For many years, doctors believed that hormone therapy during and after menopause might protect women from Alzheimer's disease, because a handful of studies suggested that women who took estrogen were less likely to develop this type of dementia than those who didn't take supplementary hormones. But a large clinical trial, the Women's Health Initiative Memory Study (WHIMS), challenged this longstanding dogma.

WHIMS researchers reported that women who took combination estrogen-progestin therapy were twice as likely to develop dementia as women who did not use hormones. The following year, the researchers revealed that estrogen therapy by itself also increased the risk. This study and others also found that women as young as 50 who used estrogen therapy, with and without progestin, were more likely to have strokes, which can cause dementia. As a result of such findings, menopausal hormone therapies now carry warning labels stating that they increase the risk of dementia.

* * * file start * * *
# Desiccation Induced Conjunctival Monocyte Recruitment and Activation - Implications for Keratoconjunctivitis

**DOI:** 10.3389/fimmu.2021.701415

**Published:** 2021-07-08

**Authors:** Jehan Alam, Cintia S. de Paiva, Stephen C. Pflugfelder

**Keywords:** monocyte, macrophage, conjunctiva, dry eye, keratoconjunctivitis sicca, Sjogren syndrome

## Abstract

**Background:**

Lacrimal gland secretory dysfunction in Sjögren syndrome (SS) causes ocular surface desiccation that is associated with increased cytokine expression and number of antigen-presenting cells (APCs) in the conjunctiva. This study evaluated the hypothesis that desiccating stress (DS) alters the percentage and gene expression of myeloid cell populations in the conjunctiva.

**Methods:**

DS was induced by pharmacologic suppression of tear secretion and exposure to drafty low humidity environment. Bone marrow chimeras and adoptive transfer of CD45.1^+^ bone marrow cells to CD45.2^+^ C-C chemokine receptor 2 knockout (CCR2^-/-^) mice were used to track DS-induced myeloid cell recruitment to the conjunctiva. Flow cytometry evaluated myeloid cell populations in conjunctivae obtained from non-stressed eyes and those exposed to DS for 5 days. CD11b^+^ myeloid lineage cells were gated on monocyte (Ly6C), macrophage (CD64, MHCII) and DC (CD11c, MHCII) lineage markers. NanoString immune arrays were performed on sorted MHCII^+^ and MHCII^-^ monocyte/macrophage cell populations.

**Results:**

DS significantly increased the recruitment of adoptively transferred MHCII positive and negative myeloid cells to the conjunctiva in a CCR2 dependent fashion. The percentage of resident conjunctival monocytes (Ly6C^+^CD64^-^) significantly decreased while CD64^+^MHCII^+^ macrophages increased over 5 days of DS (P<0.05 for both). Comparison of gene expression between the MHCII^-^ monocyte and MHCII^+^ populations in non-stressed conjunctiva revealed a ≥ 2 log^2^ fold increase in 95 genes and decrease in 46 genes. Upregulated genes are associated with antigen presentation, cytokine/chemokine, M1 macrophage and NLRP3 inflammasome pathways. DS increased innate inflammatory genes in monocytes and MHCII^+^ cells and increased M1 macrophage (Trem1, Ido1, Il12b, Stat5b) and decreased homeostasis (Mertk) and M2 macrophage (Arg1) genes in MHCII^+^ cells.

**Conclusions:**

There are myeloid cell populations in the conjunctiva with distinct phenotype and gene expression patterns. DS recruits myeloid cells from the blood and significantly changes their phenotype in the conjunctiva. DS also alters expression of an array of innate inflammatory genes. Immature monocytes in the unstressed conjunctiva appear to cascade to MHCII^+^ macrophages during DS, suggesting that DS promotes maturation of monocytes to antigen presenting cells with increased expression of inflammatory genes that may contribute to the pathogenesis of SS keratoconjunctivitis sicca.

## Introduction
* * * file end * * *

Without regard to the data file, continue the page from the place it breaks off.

The results of the Cognitive Complaints in Early Menopause Trial (COGENT), reported in Neurology, followed in a similar vein. In the largest study to date to look specifically at the issue of hormones and memory, 180 postmenopausal women ages 45 to 55 were given either hormone therapy or a placebo for four months. Researchers found no differences between the two groups on verbal memory tests. Several studies have also investigated estrogen's potential as a treatment for Alzheimer's, but the results have not been encouraging.

Research on the effects of estrogen regularly flows in, so stay tuned. Given the above findings, however, experts do not recommend hormone therapy for women with dementia and caution that it might even be harmful.

Drug treatments for Alzheimer's disease are symptomatic. In other words, they help people deal with their symptoms. They may experience a mild improvement when they start treatment, but their decline over time will be the same as if they had no treatment. Researchers at UCLA and around the world are working hard to find drugs that can slow or arrest the progression of Alzheimer’s disease.